Indoor Air Quality (IAQ)

The term “indoor air quality” is a term used to broadly describe environmental factors which may adversely impact the air quality in an indoor environment. This can include laboratories, classrooms, and general office spaces. Poor indoor air quality impacts individuals in different ways, but symptoms can range from simple respiratory tract irritation to allergic reactions.

Environmental Health and Safety has the ability to test for a wide array of contaminants which may negatively impact one’s health. We offer the following services:

Mold

Mold spores can be found in virtually every environment, including both outdoor and indoor settings. Spores will not typically cause a problem, unless they begin to grow indoors on surfaces including walls, desk, and stacks of paper. Increased indoor humidity can greatly increase the chances of a mold growth issue. 

A typical mold investigation begins with a visual inspection of the affected area(s). Air samples may be taken if deemed necessary. Air samples are compared to outdoor ambient spore levels to assess whether the affected space shows elevated spore count levels.

Indoor Air Quality

Indoor air quality encompasses a wide array of air quality parameters that may impact an individual’s overall health. During an IAQ assessment, EHS will assess temperature, humidity, and ventilation rates within the area of concern. A visual inspection of the HVAC system is also conducted.  Additional sampling may be conducted based on initial findings.

Industrial Hygiene

Industrial hygiene is a specialized field that looks at specific environmental factors or stressors arising from the workplace that may cause adverse health effects. This can include looking at exposure in a lab to a particular chemical, measuring sound levels in a workspace, or measuring particulate matter in a construction area.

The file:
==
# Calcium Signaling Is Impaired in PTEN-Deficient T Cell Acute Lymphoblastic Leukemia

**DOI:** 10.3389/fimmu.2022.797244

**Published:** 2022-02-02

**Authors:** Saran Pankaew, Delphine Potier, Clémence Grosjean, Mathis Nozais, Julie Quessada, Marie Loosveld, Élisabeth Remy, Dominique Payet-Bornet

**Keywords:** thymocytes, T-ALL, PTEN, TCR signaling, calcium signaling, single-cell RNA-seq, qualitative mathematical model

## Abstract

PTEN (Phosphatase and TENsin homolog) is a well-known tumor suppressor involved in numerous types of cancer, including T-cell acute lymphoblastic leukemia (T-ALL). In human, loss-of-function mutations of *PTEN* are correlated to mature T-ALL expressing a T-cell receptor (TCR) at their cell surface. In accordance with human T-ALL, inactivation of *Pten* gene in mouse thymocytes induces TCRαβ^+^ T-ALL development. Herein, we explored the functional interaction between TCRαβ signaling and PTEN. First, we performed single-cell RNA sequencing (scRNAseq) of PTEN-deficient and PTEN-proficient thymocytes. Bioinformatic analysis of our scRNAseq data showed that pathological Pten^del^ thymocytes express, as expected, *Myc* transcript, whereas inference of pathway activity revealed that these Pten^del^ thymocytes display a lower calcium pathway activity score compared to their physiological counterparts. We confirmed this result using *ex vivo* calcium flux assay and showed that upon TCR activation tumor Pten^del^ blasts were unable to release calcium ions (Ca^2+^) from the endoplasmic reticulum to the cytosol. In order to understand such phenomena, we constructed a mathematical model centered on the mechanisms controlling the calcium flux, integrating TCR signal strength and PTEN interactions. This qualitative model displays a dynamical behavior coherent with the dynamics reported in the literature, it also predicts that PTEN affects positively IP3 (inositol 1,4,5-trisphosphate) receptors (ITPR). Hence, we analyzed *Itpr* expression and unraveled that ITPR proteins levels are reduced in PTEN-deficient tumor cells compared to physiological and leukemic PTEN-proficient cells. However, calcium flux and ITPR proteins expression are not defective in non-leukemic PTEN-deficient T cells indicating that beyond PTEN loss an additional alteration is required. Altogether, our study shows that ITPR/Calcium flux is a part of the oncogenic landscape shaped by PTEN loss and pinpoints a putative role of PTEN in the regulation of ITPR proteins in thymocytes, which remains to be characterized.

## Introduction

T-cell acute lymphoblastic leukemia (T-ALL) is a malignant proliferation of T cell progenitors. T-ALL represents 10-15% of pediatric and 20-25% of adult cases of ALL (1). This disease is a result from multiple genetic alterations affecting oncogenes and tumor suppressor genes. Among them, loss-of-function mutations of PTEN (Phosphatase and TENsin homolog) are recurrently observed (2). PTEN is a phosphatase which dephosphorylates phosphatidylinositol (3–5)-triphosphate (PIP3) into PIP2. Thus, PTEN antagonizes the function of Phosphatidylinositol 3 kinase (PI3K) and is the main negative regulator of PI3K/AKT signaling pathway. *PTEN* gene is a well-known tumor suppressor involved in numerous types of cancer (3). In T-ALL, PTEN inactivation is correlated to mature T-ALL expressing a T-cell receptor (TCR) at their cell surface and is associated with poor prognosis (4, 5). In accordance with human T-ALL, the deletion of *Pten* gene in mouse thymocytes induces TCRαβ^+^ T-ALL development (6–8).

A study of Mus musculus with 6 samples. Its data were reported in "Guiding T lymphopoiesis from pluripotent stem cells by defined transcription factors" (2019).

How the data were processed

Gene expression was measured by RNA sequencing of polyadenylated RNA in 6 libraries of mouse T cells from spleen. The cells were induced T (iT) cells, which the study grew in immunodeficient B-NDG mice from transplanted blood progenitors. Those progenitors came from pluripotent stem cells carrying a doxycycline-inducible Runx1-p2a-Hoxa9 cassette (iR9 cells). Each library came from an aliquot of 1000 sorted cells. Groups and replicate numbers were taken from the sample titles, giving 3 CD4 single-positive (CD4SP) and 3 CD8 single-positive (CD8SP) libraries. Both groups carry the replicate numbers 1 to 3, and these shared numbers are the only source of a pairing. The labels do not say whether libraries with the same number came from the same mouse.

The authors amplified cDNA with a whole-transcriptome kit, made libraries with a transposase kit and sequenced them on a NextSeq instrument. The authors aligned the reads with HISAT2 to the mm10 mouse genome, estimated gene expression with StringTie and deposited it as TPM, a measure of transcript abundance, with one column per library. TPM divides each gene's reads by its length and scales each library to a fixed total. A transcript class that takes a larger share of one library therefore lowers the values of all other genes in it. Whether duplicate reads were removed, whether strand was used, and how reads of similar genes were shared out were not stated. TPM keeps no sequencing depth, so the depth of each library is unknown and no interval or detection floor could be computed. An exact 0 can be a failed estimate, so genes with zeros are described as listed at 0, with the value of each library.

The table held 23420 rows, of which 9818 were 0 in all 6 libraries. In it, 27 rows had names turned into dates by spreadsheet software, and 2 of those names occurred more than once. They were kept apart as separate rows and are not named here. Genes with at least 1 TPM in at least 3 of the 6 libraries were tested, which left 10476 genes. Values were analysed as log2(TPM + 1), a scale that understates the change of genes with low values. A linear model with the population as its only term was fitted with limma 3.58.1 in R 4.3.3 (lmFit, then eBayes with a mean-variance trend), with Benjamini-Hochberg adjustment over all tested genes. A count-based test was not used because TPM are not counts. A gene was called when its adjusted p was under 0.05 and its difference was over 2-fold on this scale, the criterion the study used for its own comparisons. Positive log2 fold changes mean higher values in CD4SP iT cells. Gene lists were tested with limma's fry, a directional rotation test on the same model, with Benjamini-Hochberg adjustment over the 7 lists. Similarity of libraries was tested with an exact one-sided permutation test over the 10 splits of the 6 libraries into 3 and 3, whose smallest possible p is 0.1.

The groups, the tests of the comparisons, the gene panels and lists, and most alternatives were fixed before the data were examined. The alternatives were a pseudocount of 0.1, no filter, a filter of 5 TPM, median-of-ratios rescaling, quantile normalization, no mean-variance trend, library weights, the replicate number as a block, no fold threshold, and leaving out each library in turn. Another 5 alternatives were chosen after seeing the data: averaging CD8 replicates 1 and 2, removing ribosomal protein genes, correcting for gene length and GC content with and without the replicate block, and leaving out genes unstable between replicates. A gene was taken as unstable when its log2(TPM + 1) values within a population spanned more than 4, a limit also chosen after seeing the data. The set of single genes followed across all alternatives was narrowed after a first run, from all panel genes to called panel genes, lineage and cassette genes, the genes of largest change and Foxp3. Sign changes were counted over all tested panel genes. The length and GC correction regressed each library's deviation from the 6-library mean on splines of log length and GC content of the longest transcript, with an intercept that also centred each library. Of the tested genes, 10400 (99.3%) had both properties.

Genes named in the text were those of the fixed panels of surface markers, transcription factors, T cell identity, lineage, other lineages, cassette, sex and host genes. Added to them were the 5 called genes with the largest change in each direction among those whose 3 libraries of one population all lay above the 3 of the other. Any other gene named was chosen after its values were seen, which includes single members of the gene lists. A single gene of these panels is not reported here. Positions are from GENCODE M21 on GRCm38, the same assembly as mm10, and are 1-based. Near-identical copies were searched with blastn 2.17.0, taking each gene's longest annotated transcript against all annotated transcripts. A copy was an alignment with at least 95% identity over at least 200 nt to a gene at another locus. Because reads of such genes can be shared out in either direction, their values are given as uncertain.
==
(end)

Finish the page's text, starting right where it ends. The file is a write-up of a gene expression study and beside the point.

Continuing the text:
Frequently Asked Questions

  • What are the most common causes of IAQ problems?

    ‚ÄčThe most common causes of IAQ problems in buildings are:

    • Not enough ventilation, lack of fresh outdoor air, or air that has been contaminated with allergens, such as pollen or dust, being brought into the building
    • Poor upkeep of ventilation, heating, and air-conditioning systems
    • Dampness and moisture damage due to leaks, flooding or high humidity
    • Occupant activities, such as construction or remodeling
    • Indoor and outdoor contaminated air
    • Lack of proper upkeep with regard to cleaning activities such as cleaning of carpets, removal of trash, and other regular “housekeeping” activities.
  • Is there a single test that can find an IAQ problem?

    No, there is no single test that will identify all IAQ issues. EHS typically uses a variety of instruments to produce a comprehensive summary of air quality parameters.

  • How long does sampling take?

    Depending on the type of monitoring that is required, sampling can range from a few hours to a week or more. EHS can provide additional information on sampling times during the initial meeting.

  • Are there currently any regulations on mold?

    No, there are currently no established levels for mold exposure. The effects from mold exposure can vary between individuals based on many factors.

  • What is considered good IAQ?

    The qualities of good IAQ should include comfortable temperature and humidity, adequate supply of fresh outdoor air, and control of pollutants from inside and outside of the building.

Complete the form below to request an IAQ investigation.